We have a pretty firm dinner rule at our house: no technology at the table. Since my husband and I work full-time, we don’t eat that many meals with our children. When we do, we want our collective attention to be on the experience of being together, in real life, even if it’s for 15 minutes over frozen waffles in the morning rush. The one exception is when we eat in front of the TV on Sundays. This is our “movie night,” and it’s all about the screen.
There are a few reasons my husband and I pioneered this event a couple of years ago. Our kids were getting to the ages where we thought they deserved more than the pablum of animated “life lessons” that many kids’ networks were dishing out. My partner and I are movie buffs, our formative years being heavily influenced by some of the greatest films ever (though I suppose that’s debatable, depending on how you feel about Star Wars). We wanted to share our love of these classic movies with our kids. Also, in designating a certain time to watch something together as a family, we took the sting out of Sunday nights, when everyone is bummed out about returning to school and work the next day. (Although I often very much look forward to Mondays when I can go be around adults all day in an office after a weekend attending kids’ birthday parties, soccer games, and Girl Scout meetings.)
We wanted to share our love of these classic movies with our kids.
Usually, we program the night with a movie we are excited to show our kids, so they can feel the same joy (hopefully) we did as children when we first watched a film like Young Frankenstein, Close Encounters, or Breaking Away. Sometimes it’s a superhero movie we didn’t get a chance to see when it came out in theaters (read: basically all the superhero movies since our date nights are few and far between). We’ve even watched a film that the kids have already seen (thanks to their grandparents) that my husband and I missed, and the kids have been so excited to get a chance to show us a movie they really liked, too. This can backfire, though, as evidenced by the nap my husband took in the middle of the live action Beauty and the Beast remake.
We try to make food easy to eat without a table, though I’ve learned to just put a plastic tarp down if I want to truly avoid any significant messes. We stick to mostly finger food, or pasta that’s not too saucy. It’s important that the food doesn’t need to be that hot to enjoy, since the kids have a tendency to be distracted by what they’re watching and go for several minutes between bites. The only annoying aspect about our living room picnic is that there is a lot of up-and-down with my husband and I; getting our children more food, fetching napkins, refilling our own plates. I don’t like bringing the food out to the living room and serving from there, because I have a tendency to eat too much of it since it’s right in front of me. So I pay the price by getting up from the couch frequently.
For as much as it’s crucial for me to feel like connected as a family, meal time isn’t always the ideal setting to achieve that.
Eating in front of the TV is also a way of giving ourselves a break. A break from reminding our kids to stay in their seats, not to talk with their mouths full, and to quit antagonizing each other. For as much as it’s crucial for me to feel like connected as a family, meal time isn’t always the ideal setting to achieve that worthwhile goal. Family dinners were big when I was a kid, but they weren’t frequent since my dad worked a lot of nights. If I made my kids sit with us every single night for dinner, I doubt all of us would enjoy it. As it is, we barely eat together during the week. Usually we can spend breakfast — all 15 minutes of it — together, but it’s not the most relaxed time of the day to be with one another, since we’re trying to get out the door to catch the bus. The kids eat before we get home from work on weeknights, and once a week my parents have our kids for dinner.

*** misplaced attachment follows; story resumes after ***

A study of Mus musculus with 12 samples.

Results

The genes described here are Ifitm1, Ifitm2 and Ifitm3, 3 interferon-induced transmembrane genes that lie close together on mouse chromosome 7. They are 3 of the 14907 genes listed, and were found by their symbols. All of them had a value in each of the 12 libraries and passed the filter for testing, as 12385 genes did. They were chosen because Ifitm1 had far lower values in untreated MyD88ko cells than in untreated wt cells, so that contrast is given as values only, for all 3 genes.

So that doesn’t leave a lot of family meals throughout the week. But on the flip side, it doesn’t take a lot of family meals to make me realize all the pitfalls of eating with our kids. Other than correcting their mealtime behavior, and listening to them whine about what green thing on their plates they are refusing to eat, we may enjoy some conversation. Understanding that we were never going to be the epitome of a Norman Rockwell painting, I felt better about subtracting one more meal at the table with our kids from our schedule. Because when you are watching a movie, you’re not talking, which means you’re not arguing or whining. But when we're eating in front of the television we're engaging in an activity as a family, and having a meal together. It’s kind of a win-win.
If I made my kids sit with us every single night for dinner, I doubt all of us would enjoy it.
Keeping movie night to once a week also maintains its special status. If we constantly ate in front of the TV, then it would be less about having this shared experience, and more about avoiding conversations with our kids. My partner and I want our children to look back on movie nights as special times. Picnicking as we watch E.T. is a memory I want my children to have when they’re older.
So while we remain adamant about no screens at mealtime, it makes our dinners in front of the TV on Sunday nights all the more delicious. No pressure to ask anyone about their day, or to beg a child to use a fork. Just a solidly good film and the four of us creating the memory of that night. I don’t know if my kids are still going to want to carry on this tradition when they enter their teens and no longer want anything to do with their embarrassing parents, but I can hope that, by cementing this ritual early in their lives, they’ll always choose to join us on the couch on Sunday nights.